Texas school district will eliminate its libraries and turn them into detention centres


Superintendent Mike Miles, who was appointed in June, proposed plans to get rid of librarian and media-specialist positions as part of his initiative. Under the new plan, teachers will have the option to send misbehaving students to discipline centers or so-called team centers, where they will continue their education remotely. This decision aims to improve outcomes for all students and eliminate achievement and opportunity gaps in the district.

The Houston Independent School District is the largest school district in Texas, serving over 189,000 students across its 274 campuses. Recently, it was taken over by the Texas Education Agency, which appointed Mr. Miles as the superintendent. The converted libraries will be called Team Centers, designed for students to continue working throughout the school day. Joseph Sam, a spokesperson from the school district, explained that these centers are intended for individual or team work.

The decision to eliminate libraries has faced criticism, particularly from Houston mayor Sylvester Turner. Mayor Turner believes that revoking access to books is not the solution and expressed concern that for many students, the library is their gateway to the outside world. During a speech at a Houston city council meeting, he emphasized the need for equity, stressing that certain neighborhoods should not have their libraries closed while others have fully-equipped facilities.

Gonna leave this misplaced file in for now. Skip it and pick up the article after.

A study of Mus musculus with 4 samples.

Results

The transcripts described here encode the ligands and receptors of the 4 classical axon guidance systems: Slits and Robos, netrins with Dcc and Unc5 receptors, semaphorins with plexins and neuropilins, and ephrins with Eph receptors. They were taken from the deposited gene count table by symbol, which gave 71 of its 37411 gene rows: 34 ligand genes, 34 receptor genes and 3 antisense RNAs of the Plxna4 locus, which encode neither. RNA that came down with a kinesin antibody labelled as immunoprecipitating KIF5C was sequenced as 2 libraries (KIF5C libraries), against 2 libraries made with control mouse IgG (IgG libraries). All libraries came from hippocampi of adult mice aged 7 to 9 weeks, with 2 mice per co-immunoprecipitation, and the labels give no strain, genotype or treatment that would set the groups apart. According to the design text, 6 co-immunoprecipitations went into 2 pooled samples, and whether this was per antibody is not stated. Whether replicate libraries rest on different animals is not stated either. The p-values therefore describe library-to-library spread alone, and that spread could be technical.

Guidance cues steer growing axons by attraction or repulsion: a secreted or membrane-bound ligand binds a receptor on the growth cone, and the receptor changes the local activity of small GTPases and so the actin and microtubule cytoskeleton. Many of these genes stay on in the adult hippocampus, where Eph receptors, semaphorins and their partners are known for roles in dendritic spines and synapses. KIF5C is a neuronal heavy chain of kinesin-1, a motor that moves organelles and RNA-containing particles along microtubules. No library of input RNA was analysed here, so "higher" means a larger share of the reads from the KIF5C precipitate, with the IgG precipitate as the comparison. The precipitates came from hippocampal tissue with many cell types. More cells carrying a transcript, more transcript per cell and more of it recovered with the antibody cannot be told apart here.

The impact of this decision is felt strongly by those who work closely with libraries and students. Lisa Robinson, a retired librarian from the district, expressed her sadness for the children in the affected schools, stating that her heart is broken for them.

The elimination of libraries and their replacement with discipline centers raises questions about the significance of school libraries and the role they play in students’ overall education. Many believe that libraries are essential for promoting literacy, providing access to a wide range of resources, and fostering a love of reading and learning.

The decision made by the Houston Independent School District has ignited a debate on the importance of school libraries and how they contribute to a well-rounded education for students. It remains to be seen how this change will affect the students and their access to educational resources in the future.